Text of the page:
When I was 42, my eyesight began to change. I was coming back from Manchester, New Hampshire where I had just spent 2.5 days working with a sales team to help them improve their cross selling process. It had been a long trip as I actually started in New York City on Monday and today was Friday. So, when the words in my document appeared to be blury, I just thought it was due to fatique.
The next morning, while reading the cereal box, I discovered that the problem wasn’t fatique; it was my eyesight. Astigmatism had hit me in my early 40s and so for the last – several – years I’ve been wearing glasses.
About a month or so ago, my eyesight once again was failing me and I just assumed it was time for a new perscription. Instead, I found out that I had a retinal edema. This freckle that was apparently swollen (actually about the size of a couple of pin heads) was located right in the area for sharp focus vision. After a biopsi, it was determined that I didn’t have a malenoma and so we would adjust my lenses and go from there.
I was sick and tired of seeing frames in my view. My tennis game was not good to begin with but, with the blended lenses and the frames, I would often lose the ball. My brother-in-law, Mike, had just announced that he was going to go with contact lenses. I figured I’d give it a shot!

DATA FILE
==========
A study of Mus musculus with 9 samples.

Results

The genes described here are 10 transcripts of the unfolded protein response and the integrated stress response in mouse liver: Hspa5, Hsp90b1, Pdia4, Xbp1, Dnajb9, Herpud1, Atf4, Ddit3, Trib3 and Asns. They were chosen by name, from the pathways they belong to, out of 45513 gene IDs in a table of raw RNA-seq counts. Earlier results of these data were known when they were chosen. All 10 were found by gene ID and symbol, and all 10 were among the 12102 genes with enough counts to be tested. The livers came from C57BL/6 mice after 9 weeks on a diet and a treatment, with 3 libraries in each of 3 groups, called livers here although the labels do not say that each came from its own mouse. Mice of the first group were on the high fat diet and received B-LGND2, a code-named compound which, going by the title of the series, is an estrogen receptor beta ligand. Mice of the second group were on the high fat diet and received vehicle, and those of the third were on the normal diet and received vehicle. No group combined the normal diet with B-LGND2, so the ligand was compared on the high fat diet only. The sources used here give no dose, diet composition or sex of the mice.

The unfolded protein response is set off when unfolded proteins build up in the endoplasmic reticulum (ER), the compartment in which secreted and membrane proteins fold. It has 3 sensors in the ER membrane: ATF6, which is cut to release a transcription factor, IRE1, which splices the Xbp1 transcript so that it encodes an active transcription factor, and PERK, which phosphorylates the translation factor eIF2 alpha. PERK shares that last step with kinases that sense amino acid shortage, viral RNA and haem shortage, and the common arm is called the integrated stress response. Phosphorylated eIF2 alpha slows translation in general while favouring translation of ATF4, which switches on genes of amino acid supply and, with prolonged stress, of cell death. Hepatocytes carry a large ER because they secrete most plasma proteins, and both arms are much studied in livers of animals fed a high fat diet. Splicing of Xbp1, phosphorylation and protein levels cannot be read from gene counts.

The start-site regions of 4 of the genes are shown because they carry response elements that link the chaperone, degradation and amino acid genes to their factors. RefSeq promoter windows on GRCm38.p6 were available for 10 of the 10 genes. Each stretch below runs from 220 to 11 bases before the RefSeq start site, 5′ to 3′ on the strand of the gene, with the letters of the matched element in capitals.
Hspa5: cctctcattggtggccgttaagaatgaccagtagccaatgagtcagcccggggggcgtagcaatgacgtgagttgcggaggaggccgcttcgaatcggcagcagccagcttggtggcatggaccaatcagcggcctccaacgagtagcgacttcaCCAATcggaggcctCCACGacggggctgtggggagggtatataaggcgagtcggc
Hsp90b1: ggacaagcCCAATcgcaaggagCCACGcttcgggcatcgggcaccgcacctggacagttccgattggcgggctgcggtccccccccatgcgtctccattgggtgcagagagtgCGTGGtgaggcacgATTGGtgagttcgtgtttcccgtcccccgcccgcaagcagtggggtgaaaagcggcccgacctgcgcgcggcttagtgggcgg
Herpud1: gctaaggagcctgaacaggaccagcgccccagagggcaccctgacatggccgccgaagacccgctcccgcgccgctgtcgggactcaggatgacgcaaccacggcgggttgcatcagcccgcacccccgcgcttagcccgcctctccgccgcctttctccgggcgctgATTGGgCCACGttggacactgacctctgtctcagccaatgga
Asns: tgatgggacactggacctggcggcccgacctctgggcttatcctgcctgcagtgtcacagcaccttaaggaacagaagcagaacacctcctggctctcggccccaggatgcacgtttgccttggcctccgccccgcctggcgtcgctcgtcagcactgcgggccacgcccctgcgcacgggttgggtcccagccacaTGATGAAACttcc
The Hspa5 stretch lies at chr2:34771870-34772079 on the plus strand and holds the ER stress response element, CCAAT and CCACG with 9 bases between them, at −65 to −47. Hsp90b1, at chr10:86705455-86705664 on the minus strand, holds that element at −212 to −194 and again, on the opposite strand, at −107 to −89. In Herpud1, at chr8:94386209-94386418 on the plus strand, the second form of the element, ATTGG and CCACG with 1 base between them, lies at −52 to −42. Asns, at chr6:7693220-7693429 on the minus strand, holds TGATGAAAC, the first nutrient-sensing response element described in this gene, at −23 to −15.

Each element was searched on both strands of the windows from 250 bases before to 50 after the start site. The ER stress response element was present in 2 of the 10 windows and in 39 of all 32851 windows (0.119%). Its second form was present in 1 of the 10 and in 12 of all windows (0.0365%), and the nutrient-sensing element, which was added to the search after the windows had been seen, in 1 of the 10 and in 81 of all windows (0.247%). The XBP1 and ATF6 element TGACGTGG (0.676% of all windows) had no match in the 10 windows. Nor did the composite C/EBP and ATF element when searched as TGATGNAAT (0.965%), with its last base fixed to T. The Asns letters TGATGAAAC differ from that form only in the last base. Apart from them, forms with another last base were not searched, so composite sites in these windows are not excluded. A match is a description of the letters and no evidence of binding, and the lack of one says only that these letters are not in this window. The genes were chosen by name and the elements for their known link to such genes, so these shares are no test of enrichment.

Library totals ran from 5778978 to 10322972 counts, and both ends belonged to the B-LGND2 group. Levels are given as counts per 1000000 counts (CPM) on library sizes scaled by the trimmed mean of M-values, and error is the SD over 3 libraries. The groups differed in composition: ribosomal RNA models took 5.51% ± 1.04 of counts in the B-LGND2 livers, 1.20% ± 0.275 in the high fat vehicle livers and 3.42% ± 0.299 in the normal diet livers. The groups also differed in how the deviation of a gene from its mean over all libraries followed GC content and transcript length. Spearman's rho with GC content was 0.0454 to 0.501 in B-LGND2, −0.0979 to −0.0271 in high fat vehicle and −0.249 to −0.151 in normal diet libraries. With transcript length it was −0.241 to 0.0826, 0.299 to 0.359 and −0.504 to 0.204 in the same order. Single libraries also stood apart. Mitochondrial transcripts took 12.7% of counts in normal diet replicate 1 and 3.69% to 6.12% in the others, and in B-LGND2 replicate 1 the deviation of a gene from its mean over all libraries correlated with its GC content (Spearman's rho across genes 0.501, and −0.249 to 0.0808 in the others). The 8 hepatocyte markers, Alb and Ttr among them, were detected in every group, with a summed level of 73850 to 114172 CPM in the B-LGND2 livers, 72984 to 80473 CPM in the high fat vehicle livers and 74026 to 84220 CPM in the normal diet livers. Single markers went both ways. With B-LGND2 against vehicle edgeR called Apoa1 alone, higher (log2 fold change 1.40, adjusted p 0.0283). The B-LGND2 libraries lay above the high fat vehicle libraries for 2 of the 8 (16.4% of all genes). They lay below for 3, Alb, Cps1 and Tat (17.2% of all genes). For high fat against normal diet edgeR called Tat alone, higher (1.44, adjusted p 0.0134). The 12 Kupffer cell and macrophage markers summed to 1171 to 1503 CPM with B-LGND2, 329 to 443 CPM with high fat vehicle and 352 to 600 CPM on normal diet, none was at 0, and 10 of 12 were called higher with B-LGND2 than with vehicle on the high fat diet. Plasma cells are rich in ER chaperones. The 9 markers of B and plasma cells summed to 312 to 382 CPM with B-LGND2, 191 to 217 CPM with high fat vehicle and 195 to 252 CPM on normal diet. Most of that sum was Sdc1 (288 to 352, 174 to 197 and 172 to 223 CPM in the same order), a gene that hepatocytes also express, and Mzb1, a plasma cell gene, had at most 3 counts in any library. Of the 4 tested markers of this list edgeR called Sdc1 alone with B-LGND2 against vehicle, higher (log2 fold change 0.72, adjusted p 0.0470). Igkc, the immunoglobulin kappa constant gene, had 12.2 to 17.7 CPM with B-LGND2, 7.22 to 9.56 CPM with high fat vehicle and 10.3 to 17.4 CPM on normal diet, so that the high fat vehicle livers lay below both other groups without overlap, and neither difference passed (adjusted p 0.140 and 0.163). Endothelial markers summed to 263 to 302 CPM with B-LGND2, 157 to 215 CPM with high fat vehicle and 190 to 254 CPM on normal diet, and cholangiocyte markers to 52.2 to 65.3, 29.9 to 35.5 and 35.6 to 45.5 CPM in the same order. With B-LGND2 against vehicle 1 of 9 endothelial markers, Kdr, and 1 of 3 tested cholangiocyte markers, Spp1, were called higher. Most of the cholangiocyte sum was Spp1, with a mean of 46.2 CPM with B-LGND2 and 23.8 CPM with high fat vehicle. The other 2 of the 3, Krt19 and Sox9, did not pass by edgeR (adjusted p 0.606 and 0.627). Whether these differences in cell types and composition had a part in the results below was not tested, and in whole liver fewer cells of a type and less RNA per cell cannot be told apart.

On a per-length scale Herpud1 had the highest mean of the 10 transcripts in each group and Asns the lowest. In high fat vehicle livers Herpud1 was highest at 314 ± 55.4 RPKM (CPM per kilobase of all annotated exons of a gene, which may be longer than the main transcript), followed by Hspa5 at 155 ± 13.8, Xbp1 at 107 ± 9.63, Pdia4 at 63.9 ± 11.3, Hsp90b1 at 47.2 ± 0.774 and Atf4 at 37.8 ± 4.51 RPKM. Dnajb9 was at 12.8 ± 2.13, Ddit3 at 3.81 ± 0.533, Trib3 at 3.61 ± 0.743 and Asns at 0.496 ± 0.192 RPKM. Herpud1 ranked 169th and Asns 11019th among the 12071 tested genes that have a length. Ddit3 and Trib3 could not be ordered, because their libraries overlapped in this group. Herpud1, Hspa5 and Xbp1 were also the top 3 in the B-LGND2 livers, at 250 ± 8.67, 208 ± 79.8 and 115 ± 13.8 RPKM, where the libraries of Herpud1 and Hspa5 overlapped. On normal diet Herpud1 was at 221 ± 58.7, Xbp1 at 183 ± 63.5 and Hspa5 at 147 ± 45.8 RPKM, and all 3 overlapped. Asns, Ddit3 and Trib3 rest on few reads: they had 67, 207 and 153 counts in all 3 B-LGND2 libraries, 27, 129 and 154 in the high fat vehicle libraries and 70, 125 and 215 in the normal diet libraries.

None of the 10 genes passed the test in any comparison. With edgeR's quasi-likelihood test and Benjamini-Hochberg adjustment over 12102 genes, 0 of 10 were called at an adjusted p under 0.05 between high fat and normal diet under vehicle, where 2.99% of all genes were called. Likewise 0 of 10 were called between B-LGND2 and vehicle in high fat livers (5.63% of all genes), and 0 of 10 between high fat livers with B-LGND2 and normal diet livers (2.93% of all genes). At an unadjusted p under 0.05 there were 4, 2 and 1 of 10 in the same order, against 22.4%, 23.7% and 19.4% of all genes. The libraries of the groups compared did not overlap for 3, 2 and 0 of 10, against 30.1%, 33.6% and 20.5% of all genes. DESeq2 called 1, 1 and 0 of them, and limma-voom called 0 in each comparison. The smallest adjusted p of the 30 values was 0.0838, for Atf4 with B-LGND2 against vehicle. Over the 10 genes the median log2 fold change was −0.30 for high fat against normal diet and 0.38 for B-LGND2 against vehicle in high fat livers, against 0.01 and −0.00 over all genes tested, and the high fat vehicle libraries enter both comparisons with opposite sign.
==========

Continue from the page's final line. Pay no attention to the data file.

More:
There was only one problem. I couldn’t touch my eye, or, so I thought.
Now to the title of this article. I wanted to make progress with my quality of life. I wanted my vision to be normal without the glasses. I wanted to be able to compete on the court without frustration. I didn’t want to touch my eye.
Here I am 4 weeks later and I just removed my contacts. I go through this lens routine twice a day. In the morning, I pop them in; in the evening, I pop them out. Well, I’m not exactly popping. I rub them in and drag them out to be more precise. The benefit is worth it.
I now see like I used to prior to the discovery of my sight diminishing at the age of 42. I don’t have frames in my vision, I can read road signs, and in many cases, I can read labels on containers. This is a result of improved vision with contact lenses and long arms.
My point here is that progress is only made when you take chances. Risk the unknown for the unknown. Know that you might fail, but the reward of success is great enough to give it a shot.
If your sales team needs to make some progress, more progress, better progress, then change is the answer.